Amber Carez

Thoughts, Feelings and Sharings

Omnivorous Vegetarian

Okay, so I am being a bit facetious. As the title of this blog implies, I eat nearly anything that does not walk, fly, crawl, swim, slither or slide across the land, water or air. For that matter, I do not eat the products of such: eggs, milk, etc. My one exception that proves the rule is honey.


I’ve found that contrary to common belief, a vegan eats a much greater variety of food than do most omnivores and carnivores. We also consume a larger amount of concentrated protein. Many Olympic athletes also ascribe to the vegan/vegetarian diet due to the increased stamina it provides over that of other diets. (One such study can be found at . But that is not the focus of this blog.


One of the most difficult things for a vegan is eating out or at a friends’ home. It is not that there is a lack of consciousness regarding those who choose such a diet, it is that there is little comprehension of what effects even a slight amount of animal fat causes a vegan.


Take, for instance, a large restaurant change offers a black-bean burger as a replacement for their beef burger for their diet conscious customers. This is a wonderful recent addition to many menus. However, if it is fried on the same grill on which a meat product was previously cooked, often the residues from the meat get soaked up into the vegetable patty.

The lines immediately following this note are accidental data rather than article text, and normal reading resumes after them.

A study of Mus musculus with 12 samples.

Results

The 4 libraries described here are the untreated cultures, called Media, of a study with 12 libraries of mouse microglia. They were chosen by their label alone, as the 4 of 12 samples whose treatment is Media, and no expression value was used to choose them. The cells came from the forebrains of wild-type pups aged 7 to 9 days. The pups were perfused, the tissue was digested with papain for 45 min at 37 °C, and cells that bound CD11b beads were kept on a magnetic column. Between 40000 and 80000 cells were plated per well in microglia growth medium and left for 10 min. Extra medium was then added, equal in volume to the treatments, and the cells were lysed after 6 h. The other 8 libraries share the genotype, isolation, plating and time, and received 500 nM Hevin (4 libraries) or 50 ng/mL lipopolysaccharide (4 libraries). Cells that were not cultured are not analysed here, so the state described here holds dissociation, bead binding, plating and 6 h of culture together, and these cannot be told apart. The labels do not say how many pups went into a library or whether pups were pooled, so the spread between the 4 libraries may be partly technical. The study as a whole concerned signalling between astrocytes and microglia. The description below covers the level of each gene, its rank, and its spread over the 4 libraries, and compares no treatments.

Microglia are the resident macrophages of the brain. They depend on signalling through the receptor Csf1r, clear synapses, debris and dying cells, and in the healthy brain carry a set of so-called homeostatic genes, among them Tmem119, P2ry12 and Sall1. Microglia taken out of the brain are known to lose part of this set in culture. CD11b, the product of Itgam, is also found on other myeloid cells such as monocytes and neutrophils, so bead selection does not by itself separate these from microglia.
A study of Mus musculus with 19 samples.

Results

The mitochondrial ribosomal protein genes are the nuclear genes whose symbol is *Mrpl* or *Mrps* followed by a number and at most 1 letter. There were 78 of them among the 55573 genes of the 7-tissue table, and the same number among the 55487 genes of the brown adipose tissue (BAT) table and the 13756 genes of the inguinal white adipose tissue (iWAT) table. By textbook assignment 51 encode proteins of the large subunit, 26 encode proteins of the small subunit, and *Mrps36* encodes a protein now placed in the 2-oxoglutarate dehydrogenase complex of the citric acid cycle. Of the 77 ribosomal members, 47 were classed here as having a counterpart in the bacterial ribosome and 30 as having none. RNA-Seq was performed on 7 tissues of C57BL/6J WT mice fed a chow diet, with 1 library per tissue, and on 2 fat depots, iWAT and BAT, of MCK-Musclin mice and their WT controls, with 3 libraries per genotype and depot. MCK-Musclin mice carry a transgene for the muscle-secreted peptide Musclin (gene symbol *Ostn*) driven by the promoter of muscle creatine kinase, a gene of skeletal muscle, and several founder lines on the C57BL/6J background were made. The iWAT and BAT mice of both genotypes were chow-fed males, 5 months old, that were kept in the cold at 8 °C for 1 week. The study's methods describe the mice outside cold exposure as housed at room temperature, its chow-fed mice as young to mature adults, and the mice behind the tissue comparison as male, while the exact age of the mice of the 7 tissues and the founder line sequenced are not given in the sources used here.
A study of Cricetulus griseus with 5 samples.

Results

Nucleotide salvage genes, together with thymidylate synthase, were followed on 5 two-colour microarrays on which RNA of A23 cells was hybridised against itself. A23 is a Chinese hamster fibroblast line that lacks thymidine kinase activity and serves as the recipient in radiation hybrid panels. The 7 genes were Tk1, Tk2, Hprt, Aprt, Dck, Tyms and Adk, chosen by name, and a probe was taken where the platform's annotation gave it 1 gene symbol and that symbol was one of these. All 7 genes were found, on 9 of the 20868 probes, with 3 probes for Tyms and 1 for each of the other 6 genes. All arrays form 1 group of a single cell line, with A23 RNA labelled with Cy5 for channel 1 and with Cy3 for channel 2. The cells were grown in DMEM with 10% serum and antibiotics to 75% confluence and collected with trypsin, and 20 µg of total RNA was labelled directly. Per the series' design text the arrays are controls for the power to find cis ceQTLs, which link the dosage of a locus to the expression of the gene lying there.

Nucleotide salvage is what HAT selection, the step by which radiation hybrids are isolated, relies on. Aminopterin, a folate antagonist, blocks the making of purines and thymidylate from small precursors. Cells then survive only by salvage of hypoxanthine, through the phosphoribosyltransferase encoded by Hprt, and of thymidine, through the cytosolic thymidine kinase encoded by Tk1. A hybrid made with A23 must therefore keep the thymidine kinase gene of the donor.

The problem occurs in the digestive tract of the vegan. As they do not have the enzymes necessary to digest the animal products, this quickly results in a severe case of the ‘Runs’, often before the meal is finished. This can also be the case when an animal (or fish) stock is used in soups and sauces or even with potatoes cooked in the same fryer as chicken or fish.


Then there are the many dishes where meat products are added as a seasoning or garnish. Potato salad, vegetables, green salad, macaroni salad, vegetable soup, etc. all can contain meat.


I have been told to ‘Just take the meat out and it will be vegetarian.’ That does not work as the residues send my system into an overdrive rejection. No, it is not a psychosomatic response. Even when I am completely unaware of animal products in my food, my body responds in the same manner.


My belief is that you should eat whatever you desire. I am not on a crusade and in my books, most characters are omnivores. However, I do take issue with the manner in which most of animals we consume are treated. Their quality of life is abysmal and, add to that the hormones, drugs, and even cannibal feeds they receive, it is surprising that more of us are not sick.


What I like the least is that we do not honor the creatures that provide sustenance for us. Most people never hunt, slaughter or prepare the animals that they eat. There is no real connection to the klo of the creature. In fact, many people do not want to know how their food was raised, killed, butchered and stored as it would detract from their consumptive pleasure.


I do not limit the quality of life argument to the animal kingdom. I also believe that organic, natural, non-bioengineered, raised without the use of pesticides fruits, grains, vegetables and nuts are the ultimate, healthy diet. But if one does choose to consume animals, it should be done with full knowledge of their sacrifice and with rèterís.